Free-agent pitcher Mark Davis vowed Tuesday to leave the Padres and sign with another team if he is not soon presented with a guaranteed five-year contract, according to his agents.
"I've been very, very patient with San Diego," said agent Randy Hendricks, "but now my patience has run out. And so has Mark's. We've given them every chance, and they refuse to take the opportunity.
"If they think I'm bluffing, watch us. Watch what happens. He'll be out of there so fast it'll make their heads spin.
"We already have a five-year guaranteed contract offer from one team, and we'll get others. The Padres have to make a five-year offer and they'd be wise to make it in the next few days.
"Mark's very adamant about a five-year contract, just as I am."
The Padres have a standing four-year, $12 million offer to Davis, and refuse to budge. Padre owner Joan Kroc insists that it will be her last offer, and will not give anyone a five-year contract.
"Well, then they can say good-bye to Mark then," Hendricks said. "He'll be history.
"We've been more than fair during this whole thing. Our patience in this entire thing shows his affinity for San Diego. We've given them every possible chance. And if they don't sign him, they only have themselves to blame."
Jack McKeon, vice president/baseball operations, said: "Well, we think we've been more than fair with Mark. We've made a very generous offer. Now it's up to Mark to decide if he wants to play for us. If he doesn't, we'll go another direction."
The Padres have already made a two-year, $2.5 million offer to free-agent left-handed reliever Craig Lefferts of the San Francisco Giants, and McKeon said that negotiations will continue. The Padres still want Lefferts even if they can retain Davis, but understandably, their interest in him will intensify if Davis departs.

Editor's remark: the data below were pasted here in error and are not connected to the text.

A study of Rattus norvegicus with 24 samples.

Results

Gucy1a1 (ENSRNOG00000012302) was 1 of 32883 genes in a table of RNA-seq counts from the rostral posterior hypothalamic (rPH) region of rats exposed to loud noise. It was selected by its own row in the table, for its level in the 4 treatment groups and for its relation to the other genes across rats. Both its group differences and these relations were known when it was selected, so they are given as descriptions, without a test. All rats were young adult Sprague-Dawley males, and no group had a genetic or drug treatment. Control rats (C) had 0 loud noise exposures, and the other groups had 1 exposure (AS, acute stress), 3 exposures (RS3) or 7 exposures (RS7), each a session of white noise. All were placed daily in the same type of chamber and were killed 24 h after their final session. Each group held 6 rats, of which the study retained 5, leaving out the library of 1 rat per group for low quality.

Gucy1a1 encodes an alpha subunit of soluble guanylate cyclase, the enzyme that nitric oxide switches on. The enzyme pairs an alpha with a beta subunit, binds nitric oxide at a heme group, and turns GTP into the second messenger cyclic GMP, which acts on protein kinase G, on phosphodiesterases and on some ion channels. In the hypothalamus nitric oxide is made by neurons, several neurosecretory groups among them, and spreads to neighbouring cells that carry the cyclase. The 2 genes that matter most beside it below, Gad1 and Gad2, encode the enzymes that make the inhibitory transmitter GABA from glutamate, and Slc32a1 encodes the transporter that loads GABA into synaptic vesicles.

Davis, 29, meanwhile has received five-year offers from at least three different teams--the New York Yankees, Philadelphia Phillies and Kansas City Royals--but the New York Yankees are believed to be the only team which has guaranteed all five years.
"We've had a lot of creative offers," Hendricks said. "The only thing I can say about them is that we have different criteria with each of the teams, and may have different prices for some of the teams.
"There's one team out there that if they make us the offer we're looking for, Mark's theirs. We'll march right up to the podium and announce it.
"And when he's standing up there holding another uniform, all we can say is that we gave them (the Padres) every chance."
There were no further negotiations or talks between Hendricks and McKeon on Tuesday, but to break the stalemate, Randy Hendricks had an innovative idea that he passed to Kroc.
"She was saying how she's opposed to giving five-year contracts because they've been burned in the past with them," Hendricks said. "So I told her, 'Ok, why don't we make it six years then."
The last five-year contracts provided to players in the Padre organization occurred in 1983 with Steve Garvey and 1984 with Goose Gossage. Neither player completed their contracts, but of course, each were past their prime when they signed with the Padres.
"I told her that just happened to guys with names who started with 'G,' "Hendricks said. "She's got to be open-minded to guys whose names start with 'D.'
"That's when I found out that at least she has a good sense of humor. She laughed pretty good about that one."
Hendricks hopes she can retain that same sense of humor if Davis just so happens to sign with another team.